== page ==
Variety editorial director/longtime man-about-town Peter Bart has a problem with Hollywood’s new communications strategy.
What, you didn’t realize that the major studios were conspiring to neuter the press?
Here’s the gist of Bart’s complaint:
In short, the faces populating a new crop of chief executives at top studios apparently share a common goal: keeping media relations as dull and buddy-buddy as possible.
In Bart’s words:
“Maintain an aura of Corporate Calm whatever the circumstances, avoid all public appearances unless they’re carefully scripted and stay aloof from the press.”
This means ensuring that executives and directors only speak to friendly outlets–and particularly generous reporters–in order to minimize contradictory messaging and maintain the “everything’s just peachy” facade.
Bart, on the other hand, wants a bit more of the dirt:
“The multinational entertainment companies seethe with ferocious rivalries that can erupt at any moment.”
Yet he asserts that these new leaders are so well-trained in keeping things opaque that the entertainment press has no real idea what’s going on inside their studios–except the things they want the public to know.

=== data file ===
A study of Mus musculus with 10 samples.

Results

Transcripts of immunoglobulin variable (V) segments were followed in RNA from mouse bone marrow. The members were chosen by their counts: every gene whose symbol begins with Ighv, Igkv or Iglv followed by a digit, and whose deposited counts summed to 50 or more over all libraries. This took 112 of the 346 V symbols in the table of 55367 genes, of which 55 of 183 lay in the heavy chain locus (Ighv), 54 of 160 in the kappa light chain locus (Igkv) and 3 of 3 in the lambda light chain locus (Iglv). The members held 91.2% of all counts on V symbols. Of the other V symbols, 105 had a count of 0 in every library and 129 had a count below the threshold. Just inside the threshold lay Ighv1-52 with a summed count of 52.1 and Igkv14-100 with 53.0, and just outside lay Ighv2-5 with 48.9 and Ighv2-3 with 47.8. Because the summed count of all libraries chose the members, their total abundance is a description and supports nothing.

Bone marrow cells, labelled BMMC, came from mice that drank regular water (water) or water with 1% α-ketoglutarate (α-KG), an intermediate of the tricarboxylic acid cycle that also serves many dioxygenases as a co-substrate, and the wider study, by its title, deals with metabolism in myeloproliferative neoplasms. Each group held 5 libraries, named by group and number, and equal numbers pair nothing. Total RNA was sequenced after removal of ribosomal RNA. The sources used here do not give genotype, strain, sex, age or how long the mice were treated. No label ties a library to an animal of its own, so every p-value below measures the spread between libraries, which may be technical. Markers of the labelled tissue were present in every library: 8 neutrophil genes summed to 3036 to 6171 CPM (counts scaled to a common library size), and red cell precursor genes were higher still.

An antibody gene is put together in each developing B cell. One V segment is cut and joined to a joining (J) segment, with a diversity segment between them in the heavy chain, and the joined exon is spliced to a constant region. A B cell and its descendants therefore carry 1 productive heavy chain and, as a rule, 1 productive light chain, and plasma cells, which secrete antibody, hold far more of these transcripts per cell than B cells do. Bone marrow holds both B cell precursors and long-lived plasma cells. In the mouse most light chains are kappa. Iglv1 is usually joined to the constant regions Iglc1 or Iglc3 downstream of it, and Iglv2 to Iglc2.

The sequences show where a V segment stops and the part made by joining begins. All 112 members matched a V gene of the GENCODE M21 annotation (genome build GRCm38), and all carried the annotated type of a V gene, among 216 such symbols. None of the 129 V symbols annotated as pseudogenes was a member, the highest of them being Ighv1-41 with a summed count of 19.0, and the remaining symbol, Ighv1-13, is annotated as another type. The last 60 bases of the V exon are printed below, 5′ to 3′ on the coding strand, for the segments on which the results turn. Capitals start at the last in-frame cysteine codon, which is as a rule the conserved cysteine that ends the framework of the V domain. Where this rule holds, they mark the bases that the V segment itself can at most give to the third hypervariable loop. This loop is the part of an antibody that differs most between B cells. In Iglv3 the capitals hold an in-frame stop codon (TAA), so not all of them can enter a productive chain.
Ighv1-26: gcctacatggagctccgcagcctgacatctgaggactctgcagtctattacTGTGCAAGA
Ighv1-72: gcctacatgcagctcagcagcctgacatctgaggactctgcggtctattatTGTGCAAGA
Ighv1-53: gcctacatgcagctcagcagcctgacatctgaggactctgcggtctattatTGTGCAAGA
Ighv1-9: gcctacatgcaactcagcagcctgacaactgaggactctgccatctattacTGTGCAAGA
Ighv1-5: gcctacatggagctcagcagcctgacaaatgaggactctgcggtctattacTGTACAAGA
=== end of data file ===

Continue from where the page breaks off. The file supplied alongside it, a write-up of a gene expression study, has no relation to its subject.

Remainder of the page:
As evidence, he cites this New York Times profile of “deceptively mild-mannered” Comcast CEO Brian Roberts, published as his company looks to finalize its merger with Time Warner Cable. Of course Roberts promotes the idea that there’s “nothing to see here” as far as said merger is concerned, but then what would you expect him to say?
It’s important to note that Bart himself was a studio chief; he rose to VP in charge of promotion at Paramount. To us, his complaint sounds like a classic PR vs. media spat. No one wants their own boat to rock–and if we’re being honest with ourselves here, the practice of seeking out the friendliest journalists in town is hardly a new one.
What do we think? Is there something to Bart’s column, or is the trend he notes just the latest version of message management?